Oct. 28—This past May marked the grim 110th anniversary of the horrific lynching of Gus Finley — a Black farmer who lived in Daingerfield, Texas.
The extrajudicial hanging of Finley by a mob of hooded white men and the shooting of his younger brother, George Finley, a week later led to his family's decision to move elsewhere, many of whom relocated to the Greenville area.
Recently, after about four years of diligently reading through old newspaper stories and court documents and collecting family stories and oral histories from Daingerfield residents and descendants of Finley in Greenville, Tom Collins published a book about the tragedy, titled "Justice Denied: The Cursed Destiny of Gus Finley."
Collins, who grew up in the Rio Grande Valley, has lived in Daingerfield since 1979, and he recalls hearing vague references to a lynching almost immediately upon moving there.
"When I first moved there and told people where I lived, they didn't mention the name Gus Finley, but they'd say, 'Oh, you live out there by the hanging tree', " Collins said.
"It was about a quarter of a mile from my home. By the time I moved there, it had been struck by lightning and was dead," Collins added. "At some point, a botanist dated it at being about 170 years old, so it was old enough to have been the tree he was hung from and it wasn't until the 90's that the tree eventually collapsed in on itself."
While Collins continued to hear occasional mentions and fragments of stories about the lynching, it wasn't until he retired in 2017 that he started trying to dig deeper into what had happened in his adopted hometown a century ago.
"One day, I Googled 'lynchings in Northeast Texas' and that's when I first saw the name, Gus Finley, connected to Daingerfield and it said that he was lynched in 1913, so I started looking up newspaper reports and trial documents to learn more," Collins said. "Then, due to my name appearing in a few places online as someone who was interested in learning more about Gus Finley, Edwin Hawkins, a pastor in Greenville and descendant of his contacted me, asking me if I was also related to Gus Finley."
Through his reading of documents and conversations with people who had family or community connections with Finley, Collins learned that Finley was a prosperous farmer who owned about 2,000 acres of land, but that a major three-year drought wreaked havoc on his and other farmers' operations in Texas. During that time, Finley took out a loan to buy a mule but may have fallen behind on payments due to his financial situation.
Then, on the morning of Dec. 16, 1912 Morris County Constable George Tucker, accompanied by another man, arrived at Finley's farm before sunrise to repossess the animal, and Tucker was fatally shot by Finley.
At Finley's trial, prosecutors said that he had shot first when he killed Tucker, but court documents show that Finley argued that the two men — who he couldn't see clearly because it was still dark — had shot first and that he was defending himself.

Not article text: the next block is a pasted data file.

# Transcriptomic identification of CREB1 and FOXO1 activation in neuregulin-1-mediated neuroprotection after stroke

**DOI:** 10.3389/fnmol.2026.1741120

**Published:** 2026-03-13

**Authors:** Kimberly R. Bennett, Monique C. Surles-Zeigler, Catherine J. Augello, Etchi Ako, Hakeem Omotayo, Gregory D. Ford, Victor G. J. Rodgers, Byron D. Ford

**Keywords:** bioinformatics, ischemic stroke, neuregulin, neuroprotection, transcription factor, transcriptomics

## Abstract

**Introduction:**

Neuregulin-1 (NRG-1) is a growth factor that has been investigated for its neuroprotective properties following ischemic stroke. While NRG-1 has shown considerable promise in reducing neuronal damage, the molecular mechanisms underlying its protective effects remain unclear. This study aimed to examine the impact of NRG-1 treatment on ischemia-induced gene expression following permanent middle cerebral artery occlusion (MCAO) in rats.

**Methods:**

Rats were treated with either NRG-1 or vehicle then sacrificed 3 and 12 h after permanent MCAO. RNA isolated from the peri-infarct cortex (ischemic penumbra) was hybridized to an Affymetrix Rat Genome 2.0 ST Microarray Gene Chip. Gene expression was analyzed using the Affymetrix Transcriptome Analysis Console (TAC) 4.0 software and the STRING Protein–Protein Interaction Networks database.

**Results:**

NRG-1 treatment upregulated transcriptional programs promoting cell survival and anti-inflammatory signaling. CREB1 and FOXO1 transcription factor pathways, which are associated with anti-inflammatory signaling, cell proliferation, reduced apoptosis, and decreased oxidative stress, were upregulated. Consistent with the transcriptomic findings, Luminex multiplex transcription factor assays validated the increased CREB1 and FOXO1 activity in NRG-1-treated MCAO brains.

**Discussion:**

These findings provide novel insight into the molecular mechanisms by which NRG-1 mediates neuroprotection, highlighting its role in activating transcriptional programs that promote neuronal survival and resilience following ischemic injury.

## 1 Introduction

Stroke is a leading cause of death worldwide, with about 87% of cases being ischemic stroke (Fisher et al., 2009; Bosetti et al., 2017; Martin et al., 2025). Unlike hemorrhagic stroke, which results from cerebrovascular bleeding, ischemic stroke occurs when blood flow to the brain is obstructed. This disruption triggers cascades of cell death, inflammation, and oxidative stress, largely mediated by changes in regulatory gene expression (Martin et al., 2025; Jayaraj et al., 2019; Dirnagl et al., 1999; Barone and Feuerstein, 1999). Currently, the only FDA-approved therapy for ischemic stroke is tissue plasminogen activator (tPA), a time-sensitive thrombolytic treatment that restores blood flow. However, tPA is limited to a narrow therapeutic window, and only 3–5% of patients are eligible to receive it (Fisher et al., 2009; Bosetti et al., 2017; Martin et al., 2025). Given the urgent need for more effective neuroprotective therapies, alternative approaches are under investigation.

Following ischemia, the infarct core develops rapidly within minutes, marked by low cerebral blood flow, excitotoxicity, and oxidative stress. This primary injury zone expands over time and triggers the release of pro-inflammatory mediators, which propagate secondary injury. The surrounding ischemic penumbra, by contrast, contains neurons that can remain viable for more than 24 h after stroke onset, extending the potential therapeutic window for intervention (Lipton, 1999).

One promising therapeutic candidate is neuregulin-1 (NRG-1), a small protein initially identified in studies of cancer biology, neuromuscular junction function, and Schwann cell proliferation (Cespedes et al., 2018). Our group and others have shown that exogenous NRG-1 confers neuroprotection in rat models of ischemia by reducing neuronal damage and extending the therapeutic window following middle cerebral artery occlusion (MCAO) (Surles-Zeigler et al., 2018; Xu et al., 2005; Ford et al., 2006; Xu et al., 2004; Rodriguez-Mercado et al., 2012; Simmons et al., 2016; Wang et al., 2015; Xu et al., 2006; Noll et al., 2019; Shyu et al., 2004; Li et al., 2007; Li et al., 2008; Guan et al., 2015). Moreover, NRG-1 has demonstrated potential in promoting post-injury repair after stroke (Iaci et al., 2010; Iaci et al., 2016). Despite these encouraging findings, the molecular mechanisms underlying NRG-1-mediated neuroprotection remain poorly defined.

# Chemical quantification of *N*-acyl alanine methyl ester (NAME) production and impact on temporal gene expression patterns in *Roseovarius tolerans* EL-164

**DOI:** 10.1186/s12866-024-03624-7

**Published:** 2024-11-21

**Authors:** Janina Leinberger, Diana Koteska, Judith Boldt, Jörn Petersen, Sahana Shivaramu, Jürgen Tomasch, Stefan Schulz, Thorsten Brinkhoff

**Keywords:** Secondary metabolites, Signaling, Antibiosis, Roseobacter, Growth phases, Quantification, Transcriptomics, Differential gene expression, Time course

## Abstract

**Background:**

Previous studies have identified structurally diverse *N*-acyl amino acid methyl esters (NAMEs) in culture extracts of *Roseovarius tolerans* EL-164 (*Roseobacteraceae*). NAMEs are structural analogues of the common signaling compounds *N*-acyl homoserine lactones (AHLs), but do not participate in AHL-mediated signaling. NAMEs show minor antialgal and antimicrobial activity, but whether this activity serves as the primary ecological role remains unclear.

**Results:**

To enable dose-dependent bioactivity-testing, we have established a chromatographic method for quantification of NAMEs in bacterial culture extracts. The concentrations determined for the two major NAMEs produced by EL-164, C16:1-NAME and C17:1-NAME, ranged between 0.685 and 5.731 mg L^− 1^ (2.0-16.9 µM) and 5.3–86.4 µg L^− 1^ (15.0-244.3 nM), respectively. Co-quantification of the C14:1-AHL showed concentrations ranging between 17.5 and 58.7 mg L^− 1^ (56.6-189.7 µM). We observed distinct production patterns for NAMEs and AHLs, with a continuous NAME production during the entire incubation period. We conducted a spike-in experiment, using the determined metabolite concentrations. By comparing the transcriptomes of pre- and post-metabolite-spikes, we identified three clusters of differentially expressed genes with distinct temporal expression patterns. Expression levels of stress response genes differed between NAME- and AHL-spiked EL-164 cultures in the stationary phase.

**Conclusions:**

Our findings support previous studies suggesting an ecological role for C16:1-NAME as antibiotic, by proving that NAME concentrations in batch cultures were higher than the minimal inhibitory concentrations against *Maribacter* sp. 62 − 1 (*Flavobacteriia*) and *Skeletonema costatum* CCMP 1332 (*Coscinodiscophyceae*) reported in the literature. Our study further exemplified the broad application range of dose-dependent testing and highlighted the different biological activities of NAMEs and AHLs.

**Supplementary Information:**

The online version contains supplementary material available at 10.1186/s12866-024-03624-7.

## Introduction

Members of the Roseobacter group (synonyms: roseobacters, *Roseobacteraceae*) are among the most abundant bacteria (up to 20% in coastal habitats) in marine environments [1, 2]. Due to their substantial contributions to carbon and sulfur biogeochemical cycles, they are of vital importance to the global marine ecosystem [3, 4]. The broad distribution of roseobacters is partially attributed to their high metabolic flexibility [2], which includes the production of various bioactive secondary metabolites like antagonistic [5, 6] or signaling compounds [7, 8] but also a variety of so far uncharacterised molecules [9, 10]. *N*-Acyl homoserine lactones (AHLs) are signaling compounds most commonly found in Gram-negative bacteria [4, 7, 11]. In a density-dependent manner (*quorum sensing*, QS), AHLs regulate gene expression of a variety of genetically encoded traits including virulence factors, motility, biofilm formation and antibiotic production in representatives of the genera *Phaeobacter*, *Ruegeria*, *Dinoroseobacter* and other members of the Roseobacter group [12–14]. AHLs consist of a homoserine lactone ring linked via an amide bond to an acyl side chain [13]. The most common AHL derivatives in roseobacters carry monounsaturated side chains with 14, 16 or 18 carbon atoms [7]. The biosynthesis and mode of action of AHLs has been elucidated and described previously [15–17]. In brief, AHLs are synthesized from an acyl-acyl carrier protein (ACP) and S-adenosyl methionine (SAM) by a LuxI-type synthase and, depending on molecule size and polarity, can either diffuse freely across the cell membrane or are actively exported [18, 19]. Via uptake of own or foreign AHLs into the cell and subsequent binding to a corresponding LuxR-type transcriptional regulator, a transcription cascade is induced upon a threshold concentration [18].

"When Gus looked out that morning while it was still dark, especially if Tucker didn't identify himself, the two men could have been horse thieves for all he knew," Collins said.
However, with Finley being a Black man living in the South in 1912 and with his case being heard by an all-white jury, proving his innocence was an uphill battle from the start and he was found guilty and sentenced to death in March 1913.
Then, in a surprise turn of events, the governor of Texas at the time, Oscar B. Colquitt, granted Finley a 30-day reprieve on his execution to better ensure that Finley's case had been handled properly.
"When I learned that Colquitt had granted Gus Finley a 30-day reprieve, I wondered why a white governor in Texas during that time would have done such a thing for a Black farmer," Collins said. "Then I learned that the Colquitts came from wealth but that the Civil War decimated all that they'd had in Georgia, so they moved to Morris County, Texas (where Daingerfield is located), where (Oscar) Colquitt did a stint working as a tenant farmer while he was growing up, so I think Colquitt may have worked with Gus and that they knew each other."
While the Governor's order offered some amount of hope in Finley's situation, the delay of his execution enraged many in the white community of Morris County, and newspapers reported that the Finley family home and at least two Black churches were burned by a mob.
Eventually, in May 1913 a group of about 12-15 hooded white men broke into the jail and the cell where Finley was being held. According to newspaper reports, he fought off his attackers for almost an hour before they overpowered him and dragged him to a nearby tree, where he was hanged and shot more than 100 times.
"With the book, I decided to write it as historical fiction, because there are some gaps in the story and there is a lot of 'he said, she said' in what I've heard from different people, but the vast majority of the book is rooted on documented, researched facts," Collins said. "There are no claims (in the book), only facts, but I can only imagine how terrible it was."
The book, "Justice Denied: The Cursed Destiny of Gus Finley," can be purchased through Amazon, and Collins also plans to be at W. Walworth Harrison Public Library in Greenville on Nov. 4 where he will be selling and signing copies of the book.